Victory Day Parade: pilots ‘sweat out’ precision flying
The fleet: 127 planes and helicopters.
The target: Red Square.
The mission: Victory Day Parade.
This year's show will be held both on the ground and in the skies. Pilots know how to hit the spot when it comes to impressing the crowd.
“We are working hard to contain the configuration of the aircraft and the distance between them,” said second squadron commander lieutenant colonel Aleksey Rakhmatulaev. “And when everything is right, it is definitely something you will not forget!”
Aleksey has been piloting MI-8 choppers since 1991. However, even for experienced pilots, the parade is always a sweat breaker.
The aircraft making up the fleet are extremely different – from transport helicopters to jet fighters and strategic bombers. However, during the parade all have to fly at the same speed of around 500 kilometers per hour just three hundred metres over Red Square.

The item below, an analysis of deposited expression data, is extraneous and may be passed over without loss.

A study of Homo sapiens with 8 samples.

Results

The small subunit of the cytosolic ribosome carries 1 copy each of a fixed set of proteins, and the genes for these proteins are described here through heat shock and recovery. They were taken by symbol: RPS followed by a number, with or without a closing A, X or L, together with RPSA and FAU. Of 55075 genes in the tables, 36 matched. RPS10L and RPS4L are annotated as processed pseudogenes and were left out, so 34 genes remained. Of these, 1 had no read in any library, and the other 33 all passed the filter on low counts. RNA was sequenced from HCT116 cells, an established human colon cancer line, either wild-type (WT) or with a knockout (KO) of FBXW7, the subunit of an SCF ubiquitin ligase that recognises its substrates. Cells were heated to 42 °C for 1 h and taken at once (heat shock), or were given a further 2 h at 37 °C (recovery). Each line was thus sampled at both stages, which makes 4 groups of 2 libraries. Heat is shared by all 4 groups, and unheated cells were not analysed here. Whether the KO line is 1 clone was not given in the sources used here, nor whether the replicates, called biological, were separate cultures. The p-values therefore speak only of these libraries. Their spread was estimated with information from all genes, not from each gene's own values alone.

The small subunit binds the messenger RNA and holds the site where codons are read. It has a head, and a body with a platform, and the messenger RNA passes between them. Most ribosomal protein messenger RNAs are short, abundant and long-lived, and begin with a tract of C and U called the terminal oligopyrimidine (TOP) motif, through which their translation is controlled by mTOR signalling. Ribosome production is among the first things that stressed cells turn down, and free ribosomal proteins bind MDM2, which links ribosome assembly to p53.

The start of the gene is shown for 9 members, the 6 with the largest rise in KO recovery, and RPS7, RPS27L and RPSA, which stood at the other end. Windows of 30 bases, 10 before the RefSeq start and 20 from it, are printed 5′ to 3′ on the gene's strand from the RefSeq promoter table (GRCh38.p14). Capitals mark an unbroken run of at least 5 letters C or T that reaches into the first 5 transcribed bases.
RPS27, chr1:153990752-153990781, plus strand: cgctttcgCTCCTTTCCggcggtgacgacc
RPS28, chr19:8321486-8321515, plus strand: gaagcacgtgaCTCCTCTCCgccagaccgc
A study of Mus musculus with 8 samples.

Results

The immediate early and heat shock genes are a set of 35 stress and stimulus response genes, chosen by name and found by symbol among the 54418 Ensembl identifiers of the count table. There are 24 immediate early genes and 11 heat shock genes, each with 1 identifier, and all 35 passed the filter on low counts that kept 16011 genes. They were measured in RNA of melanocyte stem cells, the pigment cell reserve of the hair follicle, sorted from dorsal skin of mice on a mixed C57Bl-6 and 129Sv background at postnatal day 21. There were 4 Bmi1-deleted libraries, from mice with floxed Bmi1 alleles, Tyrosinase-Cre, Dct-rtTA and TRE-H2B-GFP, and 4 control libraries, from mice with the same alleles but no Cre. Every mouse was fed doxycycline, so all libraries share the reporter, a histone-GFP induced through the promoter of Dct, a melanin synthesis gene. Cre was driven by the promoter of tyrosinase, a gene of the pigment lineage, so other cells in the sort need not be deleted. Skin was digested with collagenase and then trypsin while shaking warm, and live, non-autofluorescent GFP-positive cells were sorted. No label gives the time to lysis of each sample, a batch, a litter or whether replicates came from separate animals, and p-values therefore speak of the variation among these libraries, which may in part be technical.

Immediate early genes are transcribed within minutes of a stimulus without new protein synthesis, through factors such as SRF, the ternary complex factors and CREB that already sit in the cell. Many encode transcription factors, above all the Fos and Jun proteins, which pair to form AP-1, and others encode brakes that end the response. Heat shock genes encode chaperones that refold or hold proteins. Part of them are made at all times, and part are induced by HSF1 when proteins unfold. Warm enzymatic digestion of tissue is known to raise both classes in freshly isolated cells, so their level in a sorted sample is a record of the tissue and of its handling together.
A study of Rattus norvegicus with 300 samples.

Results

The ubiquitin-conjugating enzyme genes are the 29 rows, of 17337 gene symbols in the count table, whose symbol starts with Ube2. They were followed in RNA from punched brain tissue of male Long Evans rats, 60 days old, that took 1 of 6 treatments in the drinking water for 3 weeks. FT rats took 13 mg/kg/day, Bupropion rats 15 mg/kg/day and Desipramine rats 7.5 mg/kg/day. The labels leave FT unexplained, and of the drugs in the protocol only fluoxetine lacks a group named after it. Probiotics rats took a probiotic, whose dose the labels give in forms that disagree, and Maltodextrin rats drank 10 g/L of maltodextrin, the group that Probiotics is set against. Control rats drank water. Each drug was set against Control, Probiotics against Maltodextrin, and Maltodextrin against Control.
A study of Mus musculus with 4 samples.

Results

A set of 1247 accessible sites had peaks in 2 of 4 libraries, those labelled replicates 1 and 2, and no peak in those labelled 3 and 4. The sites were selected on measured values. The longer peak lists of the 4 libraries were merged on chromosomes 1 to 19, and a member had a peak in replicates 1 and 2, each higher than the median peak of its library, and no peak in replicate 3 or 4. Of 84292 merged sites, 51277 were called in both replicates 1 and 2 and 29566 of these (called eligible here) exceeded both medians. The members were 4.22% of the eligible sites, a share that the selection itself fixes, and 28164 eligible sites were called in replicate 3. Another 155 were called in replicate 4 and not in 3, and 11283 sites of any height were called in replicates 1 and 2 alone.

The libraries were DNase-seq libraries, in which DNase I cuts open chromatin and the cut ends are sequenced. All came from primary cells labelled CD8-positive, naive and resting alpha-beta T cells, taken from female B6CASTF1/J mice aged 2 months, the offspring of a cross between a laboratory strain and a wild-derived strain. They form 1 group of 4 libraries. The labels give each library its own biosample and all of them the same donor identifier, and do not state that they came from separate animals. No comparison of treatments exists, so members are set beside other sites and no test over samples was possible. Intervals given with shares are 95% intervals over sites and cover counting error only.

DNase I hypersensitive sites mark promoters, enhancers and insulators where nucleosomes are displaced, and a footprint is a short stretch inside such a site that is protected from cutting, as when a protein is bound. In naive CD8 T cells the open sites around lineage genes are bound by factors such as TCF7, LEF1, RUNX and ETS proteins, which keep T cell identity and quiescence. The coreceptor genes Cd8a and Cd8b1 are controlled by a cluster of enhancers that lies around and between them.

“Strong winds can really be a problem for us, especially those coming from the side. The guys did worry a bit at one point, but did fine in the end,” said Training Center head Major General Aleksandr Chernyaev.
Back on the ground, the aircrafts are accompanied by a mixture of battlefield equipment – from the legendary T-34s, also known as Victory tanks, which played a key role in Hitler's defeat, to some of the most advanced equipment such as the Topol-M nuclear warhead launching system.
In total, over 10,000 troops, including those from members of the Anti-Hitler coalition, Britain, France and the US, will take part in the march.
With the parade taking place both in the skies above and on Red Square itself, this year's V-day promises to be an impressive show.
Meanwhile, decorations have been displayed all around, dipping the whole city in the atmosphere of 1945.